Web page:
What Jamie Taught Me About Anger.
Jamie (not his real name) was my first ever client during my training as a child creative arts counsellor.
He was referred because of his behaviour. He was out of class more than he was in and struggling. Although his school had a nurture unit they thought he could do with some extra support. He was just about to turn seven and due to go to junior school.
In our first session I asked him why he thought he was being sent to see me “because I have anger issues” he said. I asked him what that meant and he shrugged. We were to spend a very interesting five months together!
Creative therapy is a great way to work with anger because it enables exploration without direct confrontation. Even if cut of from experience connection to feeling can be made through drawing, visualization and bodywork.
Most of my work with Jamie happened via storytelling and role play. It was through his creation of a character he named the ball of energy that he managed to express his innermost feelings. The ball of energy in his story was drowning and no one was coming to help. There it was, his life experience laid bare through metaphor. What lay underneath the anger was a great deal of hurt and pain and devastating sadness and despair.
I played my part as he told his story even though I was unsure where it was leading and my doubts as to whether I should. I had to trust the process and honour the faith he had in me to hold and contain these huge feelings.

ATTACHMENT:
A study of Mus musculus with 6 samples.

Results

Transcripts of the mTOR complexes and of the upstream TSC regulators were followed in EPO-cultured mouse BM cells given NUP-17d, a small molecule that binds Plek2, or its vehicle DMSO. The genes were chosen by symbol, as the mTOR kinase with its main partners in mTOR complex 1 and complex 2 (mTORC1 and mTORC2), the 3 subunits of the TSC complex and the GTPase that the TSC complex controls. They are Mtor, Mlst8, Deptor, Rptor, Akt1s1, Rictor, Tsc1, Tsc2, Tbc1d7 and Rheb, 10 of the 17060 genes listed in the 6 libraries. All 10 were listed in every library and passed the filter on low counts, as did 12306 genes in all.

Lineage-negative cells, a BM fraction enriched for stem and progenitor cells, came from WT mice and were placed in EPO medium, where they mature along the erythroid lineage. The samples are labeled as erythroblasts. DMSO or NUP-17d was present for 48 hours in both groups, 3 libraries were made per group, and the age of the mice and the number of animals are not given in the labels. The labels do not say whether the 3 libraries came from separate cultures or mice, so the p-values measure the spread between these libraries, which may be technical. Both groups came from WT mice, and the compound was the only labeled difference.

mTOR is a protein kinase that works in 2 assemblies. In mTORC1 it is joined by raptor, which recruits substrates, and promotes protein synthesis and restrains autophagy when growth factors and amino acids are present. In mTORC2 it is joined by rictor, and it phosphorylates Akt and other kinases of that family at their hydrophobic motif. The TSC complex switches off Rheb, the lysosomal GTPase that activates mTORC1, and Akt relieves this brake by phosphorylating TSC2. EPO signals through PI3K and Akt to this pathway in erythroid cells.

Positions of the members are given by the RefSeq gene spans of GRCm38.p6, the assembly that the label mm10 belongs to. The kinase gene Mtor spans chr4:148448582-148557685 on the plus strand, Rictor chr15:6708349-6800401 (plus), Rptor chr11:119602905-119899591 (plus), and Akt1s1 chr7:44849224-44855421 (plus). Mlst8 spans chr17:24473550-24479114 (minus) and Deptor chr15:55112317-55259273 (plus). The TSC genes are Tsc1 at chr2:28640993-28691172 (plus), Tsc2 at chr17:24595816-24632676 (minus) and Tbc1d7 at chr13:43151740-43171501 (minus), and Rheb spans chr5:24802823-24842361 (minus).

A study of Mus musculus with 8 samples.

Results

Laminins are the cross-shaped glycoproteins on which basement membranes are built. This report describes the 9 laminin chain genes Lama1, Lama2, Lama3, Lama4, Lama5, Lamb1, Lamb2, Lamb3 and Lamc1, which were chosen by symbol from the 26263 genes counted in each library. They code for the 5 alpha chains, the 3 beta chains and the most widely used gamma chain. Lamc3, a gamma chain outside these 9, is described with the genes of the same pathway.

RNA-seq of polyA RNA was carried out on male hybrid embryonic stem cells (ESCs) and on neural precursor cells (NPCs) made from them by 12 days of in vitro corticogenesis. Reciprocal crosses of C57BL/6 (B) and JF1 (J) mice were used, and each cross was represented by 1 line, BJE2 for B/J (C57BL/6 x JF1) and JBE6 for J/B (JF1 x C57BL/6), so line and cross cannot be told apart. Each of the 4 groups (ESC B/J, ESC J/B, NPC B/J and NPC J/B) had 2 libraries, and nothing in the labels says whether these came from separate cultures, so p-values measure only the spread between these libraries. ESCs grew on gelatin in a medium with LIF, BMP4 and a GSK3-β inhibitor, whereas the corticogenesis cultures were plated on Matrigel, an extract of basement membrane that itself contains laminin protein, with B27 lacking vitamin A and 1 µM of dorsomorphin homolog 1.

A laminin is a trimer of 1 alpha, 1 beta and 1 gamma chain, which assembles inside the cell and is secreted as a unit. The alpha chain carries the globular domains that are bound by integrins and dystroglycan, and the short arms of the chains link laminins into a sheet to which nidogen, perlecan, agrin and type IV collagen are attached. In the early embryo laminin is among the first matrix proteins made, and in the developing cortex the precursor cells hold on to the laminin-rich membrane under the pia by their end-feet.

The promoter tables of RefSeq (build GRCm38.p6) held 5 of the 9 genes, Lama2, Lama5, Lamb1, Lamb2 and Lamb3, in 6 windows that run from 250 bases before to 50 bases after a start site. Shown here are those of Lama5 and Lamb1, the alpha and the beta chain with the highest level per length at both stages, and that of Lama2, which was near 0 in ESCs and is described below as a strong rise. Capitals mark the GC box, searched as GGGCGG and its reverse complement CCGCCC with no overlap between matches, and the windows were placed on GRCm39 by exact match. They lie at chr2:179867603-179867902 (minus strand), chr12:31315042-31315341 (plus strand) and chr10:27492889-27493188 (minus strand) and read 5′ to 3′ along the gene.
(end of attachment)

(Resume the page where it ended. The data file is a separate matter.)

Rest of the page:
We revisited this story a couple of times. I knew it was important, I wanted him to know that, I wanted to make sure I got it right. At this stage the story had no ending. It didn’t feel right to offer up one. It would have been wrong to try and neatly tie it up, make it better, it didn’t fit his experience.
As we came towards the end of our time together we were able to come up with an ending together. I went home and wrote it up making it into a book and in our last session I gave his story back to him.
We were both much changed by our time together. I truly believe we wouldn’t have got there without the use of creative therapy. It not only helped him connect with his feelings it gave him a means to express them and enabled me to support him without offering false hopes.
Our early work on connecting anger with the body helped him to gain greater awareness of his inbuilt warning signs and we practiced ways to counteract these signals, to help him self sooth and self regulate. Once we had calmed the loudness of the angry voice we were able to hear the quieter cry of sadness. Through staying with the sadness it grew into a wail before finding its ultimate release.
I have worked with many children since Jamie who were presented as having “anger issues”. All have had their story to tell through one creative medium or another. As I help facilitate expression in this way I always feel immensely privileged and humbled by their bravery.
Anger is the label but it’s only the beginning of the story. For all those I have helped since, thank you Jamie for teaching me that.